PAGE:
Dario Taraborelli wrote, in reply to my question:
>>...
>> Is there any legitimate research or any other need to save IP
>> addresses associated with HTTP GET web logs to disk prior to
>> creating a secure hash of them?
>
> these are considerations that the analytics / ops team are best suited to
> answer, I encourage you to relay them to analytics-l if you want to have a
> more technical discussion.

I asked there, and there have been two detailed answers:

https://lists.wikimedia.org/pipermail/analytics/2016-November/005506.html

https://lists.wikimedia.org/pipermail/analytics/2016-November/005508.html

Since the analytics team considers the justification for storing
personally identifying information such as IP address, proxy
information, and geolocation (which we apparently perform on every
reader request) to be based on the needs of Research and Ops, I would
like to ask two further questions in light of this recent news
article:

https://www.washingtonpost.com/news/the-switch/wp/2016/10/11/facebook-twitter-and-instagram-sent-feeds-that-helped-police-track-minorities-in-ferguson-and-baltimore-aclu-says/

1. What are the advantages and disadvantages of storing each reader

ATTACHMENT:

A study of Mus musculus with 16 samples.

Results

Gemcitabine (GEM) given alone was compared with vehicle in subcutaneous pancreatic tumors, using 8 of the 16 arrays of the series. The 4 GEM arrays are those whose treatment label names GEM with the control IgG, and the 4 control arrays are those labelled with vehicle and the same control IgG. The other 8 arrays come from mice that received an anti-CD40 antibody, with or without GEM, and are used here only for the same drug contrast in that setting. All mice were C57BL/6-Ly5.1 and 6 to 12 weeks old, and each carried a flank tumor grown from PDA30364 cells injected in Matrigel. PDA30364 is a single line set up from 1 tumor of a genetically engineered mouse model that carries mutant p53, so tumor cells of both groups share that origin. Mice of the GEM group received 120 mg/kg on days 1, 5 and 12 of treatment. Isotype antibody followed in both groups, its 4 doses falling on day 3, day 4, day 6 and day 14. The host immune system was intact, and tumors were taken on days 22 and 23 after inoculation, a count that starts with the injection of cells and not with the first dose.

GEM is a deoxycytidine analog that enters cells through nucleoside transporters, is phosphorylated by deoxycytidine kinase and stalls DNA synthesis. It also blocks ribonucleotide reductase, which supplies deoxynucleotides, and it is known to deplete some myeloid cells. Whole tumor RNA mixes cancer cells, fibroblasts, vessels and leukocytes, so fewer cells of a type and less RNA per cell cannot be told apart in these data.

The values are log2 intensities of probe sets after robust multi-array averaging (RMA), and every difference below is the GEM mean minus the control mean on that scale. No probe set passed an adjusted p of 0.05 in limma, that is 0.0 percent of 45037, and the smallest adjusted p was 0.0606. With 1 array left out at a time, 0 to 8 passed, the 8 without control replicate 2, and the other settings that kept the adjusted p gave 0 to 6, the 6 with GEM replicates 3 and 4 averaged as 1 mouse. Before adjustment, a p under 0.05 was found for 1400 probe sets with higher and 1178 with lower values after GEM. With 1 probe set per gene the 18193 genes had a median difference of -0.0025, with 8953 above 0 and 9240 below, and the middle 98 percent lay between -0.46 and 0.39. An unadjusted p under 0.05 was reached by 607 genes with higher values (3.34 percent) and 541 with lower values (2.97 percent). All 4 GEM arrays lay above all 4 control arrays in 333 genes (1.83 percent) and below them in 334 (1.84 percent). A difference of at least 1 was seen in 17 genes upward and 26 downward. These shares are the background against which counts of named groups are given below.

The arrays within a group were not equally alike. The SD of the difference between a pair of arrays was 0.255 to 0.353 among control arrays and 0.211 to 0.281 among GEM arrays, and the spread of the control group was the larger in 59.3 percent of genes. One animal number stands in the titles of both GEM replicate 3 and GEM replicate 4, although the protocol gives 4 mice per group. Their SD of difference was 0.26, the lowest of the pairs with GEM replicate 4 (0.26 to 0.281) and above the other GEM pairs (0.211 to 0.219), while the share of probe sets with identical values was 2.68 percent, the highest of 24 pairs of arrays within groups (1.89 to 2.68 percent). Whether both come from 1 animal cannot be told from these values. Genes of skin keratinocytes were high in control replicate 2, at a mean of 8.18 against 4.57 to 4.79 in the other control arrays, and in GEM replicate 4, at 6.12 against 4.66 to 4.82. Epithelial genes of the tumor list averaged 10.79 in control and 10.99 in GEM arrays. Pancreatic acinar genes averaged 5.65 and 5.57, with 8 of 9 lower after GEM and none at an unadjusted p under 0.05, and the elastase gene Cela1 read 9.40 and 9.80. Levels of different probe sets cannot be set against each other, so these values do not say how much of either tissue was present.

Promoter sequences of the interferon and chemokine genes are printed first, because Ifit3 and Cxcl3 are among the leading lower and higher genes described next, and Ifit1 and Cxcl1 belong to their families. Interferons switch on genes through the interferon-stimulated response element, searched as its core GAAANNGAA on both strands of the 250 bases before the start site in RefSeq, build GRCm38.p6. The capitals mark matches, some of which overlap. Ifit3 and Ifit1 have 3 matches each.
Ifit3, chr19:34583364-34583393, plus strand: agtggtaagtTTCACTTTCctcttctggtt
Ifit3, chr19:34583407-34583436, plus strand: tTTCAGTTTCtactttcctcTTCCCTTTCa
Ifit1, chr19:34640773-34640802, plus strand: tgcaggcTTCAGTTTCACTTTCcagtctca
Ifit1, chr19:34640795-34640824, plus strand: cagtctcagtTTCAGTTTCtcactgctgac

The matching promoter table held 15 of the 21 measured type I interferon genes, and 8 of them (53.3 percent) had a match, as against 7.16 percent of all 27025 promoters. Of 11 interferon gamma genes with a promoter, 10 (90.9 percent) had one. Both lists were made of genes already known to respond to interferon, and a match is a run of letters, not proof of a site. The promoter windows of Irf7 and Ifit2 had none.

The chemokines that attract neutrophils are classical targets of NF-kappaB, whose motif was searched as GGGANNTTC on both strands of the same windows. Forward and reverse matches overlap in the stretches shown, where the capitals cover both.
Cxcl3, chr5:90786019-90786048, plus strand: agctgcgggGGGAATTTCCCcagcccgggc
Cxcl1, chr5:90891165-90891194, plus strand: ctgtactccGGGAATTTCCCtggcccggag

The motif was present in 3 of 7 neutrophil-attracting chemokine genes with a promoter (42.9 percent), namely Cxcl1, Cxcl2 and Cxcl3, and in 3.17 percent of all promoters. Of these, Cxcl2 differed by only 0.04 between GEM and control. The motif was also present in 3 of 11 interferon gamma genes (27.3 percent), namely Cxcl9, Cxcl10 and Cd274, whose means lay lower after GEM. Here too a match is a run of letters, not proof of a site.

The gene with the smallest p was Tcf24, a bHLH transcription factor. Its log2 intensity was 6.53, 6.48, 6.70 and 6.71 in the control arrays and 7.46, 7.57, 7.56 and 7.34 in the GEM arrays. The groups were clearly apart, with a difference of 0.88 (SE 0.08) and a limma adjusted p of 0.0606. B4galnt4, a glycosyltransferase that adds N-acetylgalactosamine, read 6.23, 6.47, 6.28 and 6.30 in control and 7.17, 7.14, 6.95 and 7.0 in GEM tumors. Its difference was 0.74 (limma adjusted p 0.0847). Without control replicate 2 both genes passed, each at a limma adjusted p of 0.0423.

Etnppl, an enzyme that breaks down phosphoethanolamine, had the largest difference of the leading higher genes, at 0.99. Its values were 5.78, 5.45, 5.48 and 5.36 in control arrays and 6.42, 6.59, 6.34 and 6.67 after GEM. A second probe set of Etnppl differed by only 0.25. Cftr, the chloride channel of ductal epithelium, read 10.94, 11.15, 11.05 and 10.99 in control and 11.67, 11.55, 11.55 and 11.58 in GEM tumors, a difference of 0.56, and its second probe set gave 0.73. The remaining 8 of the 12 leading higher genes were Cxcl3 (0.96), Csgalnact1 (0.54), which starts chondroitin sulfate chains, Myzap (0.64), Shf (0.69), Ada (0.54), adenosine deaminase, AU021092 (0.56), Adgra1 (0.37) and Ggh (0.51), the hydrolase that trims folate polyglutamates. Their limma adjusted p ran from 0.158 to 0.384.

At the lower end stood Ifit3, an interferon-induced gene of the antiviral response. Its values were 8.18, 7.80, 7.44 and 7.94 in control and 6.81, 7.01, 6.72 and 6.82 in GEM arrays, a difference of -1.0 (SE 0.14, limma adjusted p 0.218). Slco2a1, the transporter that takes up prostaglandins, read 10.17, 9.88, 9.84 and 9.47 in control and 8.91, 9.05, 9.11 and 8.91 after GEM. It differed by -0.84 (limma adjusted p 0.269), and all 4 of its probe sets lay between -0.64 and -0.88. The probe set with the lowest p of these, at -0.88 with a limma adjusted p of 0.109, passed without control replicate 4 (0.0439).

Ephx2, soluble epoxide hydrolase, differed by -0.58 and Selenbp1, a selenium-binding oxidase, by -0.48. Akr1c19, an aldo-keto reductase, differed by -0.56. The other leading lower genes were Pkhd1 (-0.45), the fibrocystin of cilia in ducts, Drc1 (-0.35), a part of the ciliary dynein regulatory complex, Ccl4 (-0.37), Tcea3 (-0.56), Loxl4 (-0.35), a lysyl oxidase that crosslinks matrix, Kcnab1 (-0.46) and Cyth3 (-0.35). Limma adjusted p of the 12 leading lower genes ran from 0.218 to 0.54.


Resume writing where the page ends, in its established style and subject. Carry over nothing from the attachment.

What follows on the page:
request's geolocation?

2. Has Ops ever actually used reader GET request IP addresses to solve
a problem which could not have been solved, for example, with POST
requests for debugging?

3. If a research partner with access to the raw IP addresses, proxy
information, and geolocation of our readers' requests were served with
a subpoena by a US or overseas law enforcement organization, a
national security letter, or were blackmailed or bribed, would the
Foundation have any way to know?

I repeat my request that the IP and proxy information be anonymized
with a secure cryptographic has before being stored to nonvolatile
media, and suggest that storing the geolocation of every reader
request is not within the letter or the spirit of the Foundation's
privacy policy, which explicitly requires consent for the use of
geolocation:

"Some features we offer work better if we know what area you are in.
But it's completely up to you whether or not you want us to use
geolocation tools to make some features available to you. If you
consent, we can use GPS (and other technologies commonly used to
determine location) to show you more relevant content."

https://papers.ssrn.com/sol3/papers.cfm?abstract_id=1450006 may be
helpful for understanding my motivations about this issue.